Bidenomics – Amazon Announces 18,000 Layoffs, and They Are Not Alone – Imports and Exports Drop


Posted originally on the CTH on January 5, 2023 | Sundance 

That slow grinding creak you hear in the background; that’s the U.S. economic engine running without oil and beginning that slowdown phase just before it stutters and stalls completely.  Alas, the pretending continues…

As noted by the Wall Street Journal, an economic gaslighting institution with a central mission to maintain pretenses, “business surveys show U.S. factory activity declined in December, the Institute for Supply Management and S&P Global both said this week. Separately, S&P Global said Thursday that U.S. services-sector businesses reported a decline in output for the third month running in December.” This comes as “U.S. imports dropped more, by 6.4% on the month, as Americans cut back on holiday-related purchases, including items from other countries such as computers and autos.

Keep in mind, November retail sales—which included consumer spending at stores, online and at restaurants—fell 0.6% from the prior month for their biggest decline of 2022, according to the Commerce Department. Manufacturing output declined in November as well, the Fed reported, while U.S. home sales fell for a record 10th straight month.

Into this mix of economic metrics, driven by a collapse in disposable consumer income and high energy prices, now we begin to see the number one business expense being curtailed.

(Market Watch) […] Amazon.com Inc layoffs will affect more than 18,000 employees, the highest reduction tally revealed in the past year at a major technology company as the industry pares back amid economic uncertainty.

The Seattle-based company in November said that it was beginning layoffs among its corporate workforce, with cuts concentrated on its devices business, recruiting and retail operations. At the time, The Wall Street Journal reported the cuts would total about 10,000 people. Thousands of those cuts began last year. (more)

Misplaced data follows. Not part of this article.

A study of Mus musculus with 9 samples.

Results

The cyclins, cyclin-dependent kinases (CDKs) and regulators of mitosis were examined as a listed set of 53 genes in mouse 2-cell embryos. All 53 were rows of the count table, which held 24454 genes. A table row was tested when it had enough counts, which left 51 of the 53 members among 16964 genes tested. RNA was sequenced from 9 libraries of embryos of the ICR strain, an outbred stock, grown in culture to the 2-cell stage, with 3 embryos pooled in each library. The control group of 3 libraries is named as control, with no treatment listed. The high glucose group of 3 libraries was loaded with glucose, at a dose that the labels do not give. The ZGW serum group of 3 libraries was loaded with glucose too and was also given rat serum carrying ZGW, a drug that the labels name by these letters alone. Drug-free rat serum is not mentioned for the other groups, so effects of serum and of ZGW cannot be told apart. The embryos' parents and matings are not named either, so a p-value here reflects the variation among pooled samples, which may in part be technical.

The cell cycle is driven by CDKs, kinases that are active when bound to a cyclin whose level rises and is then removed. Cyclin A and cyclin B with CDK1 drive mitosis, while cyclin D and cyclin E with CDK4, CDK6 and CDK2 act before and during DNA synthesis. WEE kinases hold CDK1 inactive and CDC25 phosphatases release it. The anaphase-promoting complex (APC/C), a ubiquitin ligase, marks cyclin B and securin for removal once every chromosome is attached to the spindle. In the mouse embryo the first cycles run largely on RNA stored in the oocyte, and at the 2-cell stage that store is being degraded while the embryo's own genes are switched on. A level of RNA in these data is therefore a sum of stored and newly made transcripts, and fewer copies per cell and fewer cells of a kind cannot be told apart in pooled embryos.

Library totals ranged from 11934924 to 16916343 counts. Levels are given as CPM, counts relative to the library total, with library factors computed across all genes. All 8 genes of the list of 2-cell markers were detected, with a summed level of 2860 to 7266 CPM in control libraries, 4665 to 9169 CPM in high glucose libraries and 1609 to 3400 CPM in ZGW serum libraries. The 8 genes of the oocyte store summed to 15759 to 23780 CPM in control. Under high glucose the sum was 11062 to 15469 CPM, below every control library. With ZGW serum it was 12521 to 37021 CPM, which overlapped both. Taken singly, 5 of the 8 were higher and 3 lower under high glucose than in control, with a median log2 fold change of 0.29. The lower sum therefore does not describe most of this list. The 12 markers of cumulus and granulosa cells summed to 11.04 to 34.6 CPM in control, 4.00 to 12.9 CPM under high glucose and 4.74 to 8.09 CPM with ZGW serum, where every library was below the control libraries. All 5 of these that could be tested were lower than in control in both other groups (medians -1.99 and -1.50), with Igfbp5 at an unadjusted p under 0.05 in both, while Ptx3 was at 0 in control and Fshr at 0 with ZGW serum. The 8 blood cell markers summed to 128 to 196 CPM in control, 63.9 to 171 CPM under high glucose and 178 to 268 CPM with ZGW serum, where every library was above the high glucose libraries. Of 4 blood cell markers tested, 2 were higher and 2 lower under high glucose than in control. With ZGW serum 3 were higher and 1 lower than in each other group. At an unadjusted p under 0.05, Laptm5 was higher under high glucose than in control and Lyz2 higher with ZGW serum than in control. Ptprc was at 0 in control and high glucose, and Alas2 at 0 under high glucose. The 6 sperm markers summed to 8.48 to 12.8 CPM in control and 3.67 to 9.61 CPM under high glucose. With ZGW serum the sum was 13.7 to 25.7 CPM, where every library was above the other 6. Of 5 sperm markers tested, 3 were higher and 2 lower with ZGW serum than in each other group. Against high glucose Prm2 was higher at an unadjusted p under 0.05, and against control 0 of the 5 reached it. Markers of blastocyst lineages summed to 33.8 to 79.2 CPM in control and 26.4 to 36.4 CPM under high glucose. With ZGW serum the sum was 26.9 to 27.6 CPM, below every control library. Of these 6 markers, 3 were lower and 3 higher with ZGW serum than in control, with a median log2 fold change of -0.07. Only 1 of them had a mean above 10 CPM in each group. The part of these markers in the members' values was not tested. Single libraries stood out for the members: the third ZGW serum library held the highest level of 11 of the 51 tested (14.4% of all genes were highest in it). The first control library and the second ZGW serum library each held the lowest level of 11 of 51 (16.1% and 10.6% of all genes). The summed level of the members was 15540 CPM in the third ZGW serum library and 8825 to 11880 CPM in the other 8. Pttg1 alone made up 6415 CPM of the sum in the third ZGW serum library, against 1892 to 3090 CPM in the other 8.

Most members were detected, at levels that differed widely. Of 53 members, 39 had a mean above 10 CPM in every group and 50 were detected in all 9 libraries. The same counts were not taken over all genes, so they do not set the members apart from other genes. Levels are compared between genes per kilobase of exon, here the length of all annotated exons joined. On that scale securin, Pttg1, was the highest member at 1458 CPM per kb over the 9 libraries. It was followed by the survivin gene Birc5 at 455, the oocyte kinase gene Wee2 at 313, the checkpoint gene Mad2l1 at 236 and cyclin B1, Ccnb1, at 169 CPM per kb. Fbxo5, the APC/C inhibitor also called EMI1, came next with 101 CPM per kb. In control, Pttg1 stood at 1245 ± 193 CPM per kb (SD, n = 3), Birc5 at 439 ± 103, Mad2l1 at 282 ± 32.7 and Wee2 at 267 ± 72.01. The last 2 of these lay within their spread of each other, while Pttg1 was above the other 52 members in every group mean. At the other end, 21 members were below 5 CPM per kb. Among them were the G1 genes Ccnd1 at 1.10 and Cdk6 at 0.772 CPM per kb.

Amazon is not alone, “Vimeo said Wednesday that it will cut its workforce by 11% as part of a broader effort to reduce costs, citing deteriorating economic conditions” (link).  Additionally, Salesforce Inc. is laying off 10% of its workforce and reducing its office space in certain markets, extending a brutal period for tech job cuts into the new year.”

We can anticipate more reports like this from Reuters, “Samsung Electronics Co Ltd’s quarterly profit will likely plunge 58% to its lowest in six years as a global economic downturn saps demand for electronic devices and clouds the outlook for the memory chip industry.  With consumers and businesses reducing spending and investment in the face of high inflation and climbing interest rates, smartphone makers and other clients held back memory chip orders, while smartphones sold for less as demand suffered, analysts said.”

Electronics, cars, furniture, durable goods of all types and varieties are plummeting in sales.  Consumers are being squeezed by inflation, housing, energy and food costs, and spending priorities are being reevaluated yet again.  Compare the impact on ‘real wages’ -vs- the 2007/2008 economic crisis.

From a purely fraudulent accounting perspective, however, the drop in U.S. imports will help boost calculations of U.S. economic growth in the fourth quarter because trade deficits subtract from overall output, or gross domestic product.

U.S. consumers not purchasing imported goods makes the health of the U.S. economy look less bad; but it’s an illusion akin to smiles in the bread lines.

In other economic news, I did some real estate analysis over the past several days and it’s safe to say there is a steep downward trajectory in the data I use.   Again, home values are nuanced on a regional level, but my model is pretty close in averaging.

If buyers do not absorb the seller’s loss in equity (which no one should ever do), in my SWFL area a $450k home listing is going to sell around $380k at the high side (actual value based on economic indicators and buyer ability).   That rough estimate, while slightly offset due to general inflation, should trend nationally over the next 12 to 18 months.   That means macro home prices dropping around 15 to 20% nationally over the next 12 months.

If you are a home buyer, put your offers around 15 to 20% below current asking price without any emotional attachment to it.  Don’t flinch, remain ambivalent and walk away if refused.   The recovery to current price will take around a decade.  If you are a seller and get an offer within -10% of asking, consider yourself lucky and jump on it.